Derrick Henry has earned Titans' workhorse RB role now, for future

Mariota loving the buzz in Nashville (2:27)

Titans QB Marcus Mariota talks about how he and his teammates are able to maintain a nice pace throughout the game and the QB jokes about his own nickname "The Silent Assassin." (2:27)

NASHVILLE, Tenn. -- It was uncertain exactly when the time would come, but we are likely witnessing the passing of the Tennessee Titans’ running back torch from DeMarco Murray to Derrick Henry.

For the third consecutive week, Henry will be the Titans' workhorse back. As the Heisman-winning duo of Marcus Mariota and Henry marched past the Kansas City Chiefs last Saturday, it became clearer that this is the present and the future at the same time.

Although an injury to Murray officially put him here, this was a job Henry earned. Henry's ascension to workhorse back has been overdue, but now that he's here, some around him believe we're about to see his limitless ceiling.

"He has the ability to lead the league in rushing. I think he has the ability to be the league MVP," said Eddie George, the Titans/Oilers' all-time leading rusher. "The sky is the limit. We’re scratching the surface in what he can do. The more opportunities he gets, the better he gets.

"I have no question that Derrick can be a 1,500-1,800-yard type of running back when he gets the opportunities."

Saturday night at New England, Henry will play a huge role in determining whether the Titans can hang with the AFC big dog. The Patriots have a juicy run defense that's allowing 4.7 yards per carry, and a big part of Tennessee's game plan will be controlling the clock.

This is Henry's moment to show the world and the Titans' fan base what they've been waiting for. George is putting big expectations on Henry's shoulders because he believes he can meet them.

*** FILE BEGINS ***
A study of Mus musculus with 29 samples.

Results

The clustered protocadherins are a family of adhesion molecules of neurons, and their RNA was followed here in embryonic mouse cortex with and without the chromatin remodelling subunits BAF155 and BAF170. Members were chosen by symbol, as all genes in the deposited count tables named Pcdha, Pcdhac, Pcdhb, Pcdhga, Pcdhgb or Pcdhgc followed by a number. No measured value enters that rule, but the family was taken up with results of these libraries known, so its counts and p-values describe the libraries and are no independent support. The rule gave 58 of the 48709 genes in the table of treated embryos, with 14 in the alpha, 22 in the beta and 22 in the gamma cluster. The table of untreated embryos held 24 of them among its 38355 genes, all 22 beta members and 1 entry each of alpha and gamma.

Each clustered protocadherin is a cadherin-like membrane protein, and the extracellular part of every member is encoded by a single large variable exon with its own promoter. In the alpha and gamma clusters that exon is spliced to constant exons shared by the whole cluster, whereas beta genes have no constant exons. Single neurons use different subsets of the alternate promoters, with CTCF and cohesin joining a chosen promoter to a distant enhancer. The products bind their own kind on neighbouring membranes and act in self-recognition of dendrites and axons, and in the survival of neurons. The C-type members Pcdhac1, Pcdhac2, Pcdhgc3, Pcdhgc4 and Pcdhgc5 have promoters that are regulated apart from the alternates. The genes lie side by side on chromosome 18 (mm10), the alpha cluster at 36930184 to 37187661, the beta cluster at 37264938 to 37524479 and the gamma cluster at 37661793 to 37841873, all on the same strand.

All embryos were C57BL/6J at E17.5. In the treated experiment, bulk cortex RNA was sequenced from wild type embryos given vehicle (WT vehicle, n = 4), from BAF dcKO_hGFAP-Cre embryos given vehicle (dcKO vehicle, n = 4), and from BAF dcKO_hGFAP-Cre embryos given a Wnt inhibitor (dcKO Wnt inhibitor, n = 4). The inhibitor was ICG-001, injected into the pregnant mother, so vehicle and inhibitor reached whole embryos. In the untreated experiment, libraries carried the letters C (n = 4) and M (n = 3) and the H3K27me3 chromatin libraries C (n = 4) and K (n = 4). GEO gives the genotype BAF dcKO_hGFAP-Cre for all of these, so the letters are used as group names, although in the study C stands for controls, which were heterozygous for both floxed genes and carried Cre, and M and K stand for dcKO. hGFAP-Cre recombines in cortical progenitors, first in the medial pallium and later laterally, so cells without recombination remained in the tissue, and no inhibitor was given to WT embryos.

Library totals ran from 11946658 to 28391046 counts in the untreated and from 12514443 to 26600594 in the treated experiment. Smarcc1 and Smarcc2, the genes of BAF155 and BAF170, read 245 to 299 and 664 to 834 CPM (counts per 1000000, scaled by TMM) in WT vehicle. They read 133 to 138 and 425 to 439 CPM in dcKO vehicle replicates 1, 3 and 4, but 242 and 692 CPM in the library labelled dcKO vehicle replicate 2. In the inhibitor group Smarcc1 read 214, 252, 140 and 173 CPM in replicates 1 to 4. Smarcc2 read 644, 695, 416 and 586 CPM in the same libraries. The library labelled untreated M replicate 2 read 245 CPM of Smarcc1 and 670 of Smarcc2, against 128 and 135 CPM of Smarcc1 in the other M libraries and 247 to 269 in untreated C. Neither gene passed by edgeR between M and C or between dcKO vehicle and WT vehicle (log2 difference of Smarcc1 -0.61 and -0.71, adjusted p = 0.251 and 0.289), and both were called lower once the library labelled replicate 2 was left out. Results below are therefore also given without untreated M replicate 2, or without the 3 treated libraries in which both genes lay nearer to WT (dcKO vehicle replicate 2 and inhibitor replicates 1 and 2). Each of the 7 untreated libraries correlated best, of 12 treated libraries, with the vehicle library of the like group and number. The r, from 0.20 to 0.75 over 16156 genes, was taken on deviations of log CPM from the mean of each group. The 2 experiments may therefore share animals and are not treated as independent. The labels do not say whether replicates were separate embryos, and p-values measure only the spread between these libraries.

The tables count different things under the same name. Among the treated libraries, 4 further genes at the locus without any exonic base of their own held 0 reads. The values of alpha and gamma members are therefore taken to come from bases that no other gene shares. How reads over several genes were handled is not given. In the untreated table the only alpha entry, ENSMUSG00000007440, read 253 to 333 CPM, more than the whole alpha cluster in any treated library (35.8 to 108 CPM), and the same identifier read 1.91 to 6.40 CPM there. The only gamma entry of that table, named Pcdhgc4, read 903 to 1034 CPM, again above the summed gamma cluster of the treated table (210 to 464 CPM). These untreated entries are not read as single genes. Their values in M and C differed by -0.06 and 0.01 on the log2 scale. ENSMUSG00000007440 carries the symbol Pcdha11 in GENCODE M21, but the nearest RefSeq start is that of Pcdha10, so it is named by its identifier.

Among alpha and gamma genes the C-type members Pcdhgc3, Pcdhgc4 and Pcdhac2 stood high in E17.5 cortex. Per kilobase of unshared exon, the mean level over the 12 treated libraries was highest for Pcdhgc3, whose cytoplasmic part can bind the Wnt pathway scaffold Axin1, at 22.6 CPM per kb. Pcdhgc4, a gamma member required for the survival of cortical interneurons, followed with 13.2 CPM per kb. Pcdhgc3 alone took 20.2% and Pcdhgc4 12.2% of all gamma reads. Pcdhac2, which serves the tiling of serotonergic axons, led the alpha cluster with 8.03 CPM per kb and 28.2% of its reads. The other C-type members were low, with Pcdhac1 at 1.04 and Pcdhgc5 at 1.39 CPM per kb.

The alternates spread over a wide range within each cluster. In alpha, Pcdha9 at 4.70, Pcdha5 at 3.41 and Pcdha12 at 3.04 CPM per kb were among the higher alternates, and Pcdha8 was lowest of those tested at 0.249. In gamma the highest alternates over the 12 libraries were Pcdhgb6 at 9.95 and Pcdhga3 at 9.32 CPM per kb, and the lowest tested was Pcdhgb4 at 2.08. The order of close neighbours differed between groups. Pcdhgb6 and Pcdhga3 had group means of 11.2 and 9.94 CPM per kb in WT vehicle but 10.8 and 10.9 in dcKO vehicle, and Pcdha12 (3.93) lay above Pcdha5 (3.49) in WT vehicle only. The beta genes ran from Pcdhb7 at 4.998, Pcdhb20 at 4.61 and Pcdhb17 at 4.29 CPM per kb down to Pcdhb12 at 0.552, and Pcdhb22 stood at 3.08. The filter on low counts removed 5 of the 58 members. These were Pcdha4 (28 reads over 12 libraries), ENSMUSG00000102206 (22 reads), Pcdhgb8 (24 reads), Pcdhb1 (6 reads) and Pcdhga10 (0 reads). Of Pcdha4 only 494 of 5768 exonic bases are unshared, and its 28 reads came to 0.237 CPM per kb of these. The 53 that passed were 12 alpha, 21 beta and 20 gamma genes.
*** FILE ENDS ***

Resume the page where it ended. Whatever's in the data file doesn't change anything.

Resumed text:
"Hearing that out of him, it fuels me and motivates me. But I got to live up to it. He's one of my idols," said Henry, who has gotten to know George during Heisman commercials and photo shoots over the past two years.

"Opportunity" has been the buzz word for Henry over the past two seasons as he has bided his time behind Murray, the versatile veteran. At 6-foot-3, 247 pounds, Henry says he "gets stronger with more carries." The numbers back it up.

Since Henry entered the NFL in 2016, the Titans are 12-0 when he has at least 11 carries. Tennessee is 7-13 when Henry plays but has 10 or fewer carries.

There has been no better closer than Henry. The second-year back leads the NFL with 6.09 yards per carry in the fourth quarter, and he was second in the NFL with 390 fourth-quarter yards during the regular season.

"Now that the tide is turning, DeMarco is out. We’re seeing Derrick with fresh legs, a new hunger, wanting to leave his mark on this league," George said. "He’s handled himself extremely well. He’s a back that needs to get the ball 20 to 25 times to see how he can really control a game."

Henry's 85 yards (on eight carries) in the fourth quarter at Kansas City were the third-most fourth-quarter rushing yards by a player in the playoffs since 1991. He finished the Chiefs game with 23 carries for 156 rushing yards, second most in franchise history, trailing only George, and it was Henry's first game of his career with at least 20 carries.

"Last time I seen him do that was in the national championship game vs. Clemson. Nobody wanted to tackle him, and it looked like that again out there," cornerback Adoree' Jackson said. "With how big he is, when he gets a full head of steam, it's over. He’s a dominant back in this league. Playoff time, he finally got his opportunity, and that’s what happened."

Henry has played 131 of 135 Titans offensive snaps in his past two games.

The biggest remaining question with Henry revolves around the passing game, the main element that kept him from gaining a feature back role earlier. George says only repetition will help Henry get better at picking up blitzes and understanding his assignments. Patriots coach Bill Belichick will surely test that this week.

Henry's balance between running downhill and attacking the Patriots outside the hashes will be interesting to watch. He's one of the best backs in the NFL at running off tackle, but it can also get him in trouble like it did in Week 17 vs. Jacksonville when he lost big yards. It was a completely different story at Kansas City last week.

"He's had a lot of success bouncing some runs, but at some point you've got to hit some of these holes that are there, and they're not big all the time," coach Mike Mularkey said. "I think he saw that, and obviously he's a quick, fast learner."

There's a decent chance that we have seen Murray take his last snap in a Titans uniform. Murray is out Saturday with a torn MCL, and he won't return unless the Titans make the AFC Championship or Super Bowl. It's time to hand the feature back keys to Henry. Murray is scheduled to make $6.5 million in 2018, probably too much money for a backup, but the Titans will owe no dead money if he's cut.

Henry has waited his time, and now it appears he has finally secured his feature back opportunity.